I’m finishing up a writing class project today so this will be a very short post.

After watching more than two weeks of Olympics coverage I couldn’t help but notice the extraordinary sportsmanship of those who finished their competitions without a medal toward those did get a medal. The vying for position ended at the finish line or the end of the match. Those without medals seemed to genuinely congratulate the winners, almost as if they were thanking them for providing such fun, stupendous competition. To be sure, many times there were tears on the losing side but the congratulatory smiles, handshakes, and hugs seemed to be ones of good-natured, friendly sincerity.

Here’s the question: IF ATHLETES RAN THE WORLD INSTEAD OF POLITICIANS WOULD WARS CEASE? I’d like to get a conversation going here. All comments are appreciated and the more the better.


About torimcrae

Tori is a good writer aspiring to be a great writer. The mother of four adult kids she is currently pursuing postponed dreams. She enjoys her grandkids, traveling with hubby, spinning fiber, weaving, and raising Shih Tzus. Currently Tori posts to this blog on Mondays and Fridays.

    I don’t think so. Not all sports is like the Olympics (in fact I’d say most is a lot more fierce, competitive, and divisive). If the fans came with the athletes when they made the move to politics I’d venture to say it would be worse, we’d just watch the wars on TV and have play-by-play commentary, slow motion, and special features. I also think a lot of that sportsmanship is posturing by the athletes. They can’t often say what they are thinking, and when they do they get in trouble (Canadian women’s soccer team for a close-to-home example). I’d also say the amount of cheating at the Olympics (and all other sports arenas) wouldn’t bode well (or perhaps does bode well) for politics.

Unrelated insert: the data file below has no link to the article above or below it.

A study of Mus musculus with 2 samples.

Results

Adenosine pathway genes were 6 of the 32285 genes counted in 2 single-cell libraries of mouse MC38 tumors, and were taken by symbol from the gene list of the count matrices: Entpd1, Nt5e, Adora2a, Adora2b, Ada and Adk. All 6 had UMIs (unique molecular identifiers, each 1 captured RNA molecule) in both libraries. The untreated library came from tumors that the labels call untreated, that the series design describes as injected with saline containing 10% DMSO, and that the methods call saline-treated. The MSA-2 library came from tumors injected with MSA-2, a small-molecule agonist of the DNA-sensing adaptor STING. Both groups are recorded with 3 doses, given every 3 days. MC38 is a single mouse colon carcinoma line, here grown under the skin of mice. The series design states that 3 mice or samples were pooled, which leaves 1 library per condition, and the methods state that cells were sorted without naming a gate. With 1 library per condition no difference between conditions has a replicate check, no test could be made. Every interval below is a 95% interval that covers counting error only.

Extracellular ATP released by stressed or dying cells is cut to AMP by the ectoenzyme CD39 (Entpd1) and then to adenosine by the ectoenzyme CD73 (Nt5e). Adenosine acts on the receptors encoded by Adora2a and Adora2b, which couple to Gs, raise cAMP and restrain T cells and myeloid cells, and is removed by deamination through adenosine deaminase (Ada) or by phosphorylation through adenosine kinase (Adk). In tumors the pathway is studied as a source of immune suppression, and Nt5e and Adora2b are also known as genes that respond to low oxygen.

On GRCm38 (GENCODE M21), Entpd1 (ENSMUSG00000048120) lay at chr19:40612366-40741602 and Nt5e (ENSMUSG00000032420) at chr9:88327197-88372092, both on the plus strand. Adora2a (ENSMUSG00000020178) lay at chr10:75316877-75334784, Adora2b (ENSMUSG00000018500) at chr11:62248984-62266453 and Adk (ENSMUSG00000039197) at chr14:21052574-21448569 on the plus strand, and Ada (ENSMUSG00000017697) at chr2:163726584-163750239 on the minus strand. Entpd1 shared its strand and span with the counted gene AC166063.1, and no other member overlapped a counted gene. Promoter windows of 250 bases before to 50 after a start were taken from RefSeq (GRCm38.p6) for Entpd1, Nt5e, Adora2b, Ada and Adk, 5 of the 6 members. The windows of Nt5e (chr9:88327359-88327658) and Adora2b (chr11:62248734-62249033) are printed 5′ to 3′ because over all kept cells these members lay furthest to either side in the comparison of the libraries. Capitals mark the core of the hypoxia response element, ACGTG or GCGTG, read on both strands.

Things that would benefit are leadership and hard work. But a lot of top athletes, in the professional world, have a sense of entitlement, and I don’t think that would be good. This is all coming from a kid who LOVES the Olympics and his favourite athletes, but I’d much rather leave my country to my politicians – however idiotic they are – than to a brawler like Chris Neil or a cocky showboater like Usian Bolt. At least there’s some semblance of politicians being trained for their jobs, and the stories of those who don’t act like that often end up being stories of athletes (or actors, musicians, etc…) who try to just step into major political roles.

    On the other hand (how many hands do I have now?) there are a few good examples of athletes making that switch successfully. Ken Dryden is a good example, or even recently Georges Larocque. Pretty sure there are some American senators who were Olympians as well… Anyways, I’ve ranted enough. Good luck with this philosophical conundrum!

  2. Not necessarily athletes, but people, whether athletic or not, with the attitudes of those particular athletes.

  3. torimcrae says:

    Rosalie and Ben: Thanks for wading into the discussion. I agree with Rosalie that it is a matter of attitude and athletes don’t have a corner on that and I suppose, like Ben said, that some of the “good sportsmanship” attitude of losers is put on. But I watch faces and it is usually pretty clear whether someone is sincere in their congratulations or not, as well as whether the loser is covering the attitude of a bad sport, just terribly disappointed or genuinely happy for the winner and glad to have competed with another great athlete, win or lose. Even the practice of keeping your disappointment or discontent at the results to yourself would make for a more peaceful world, don’t you think?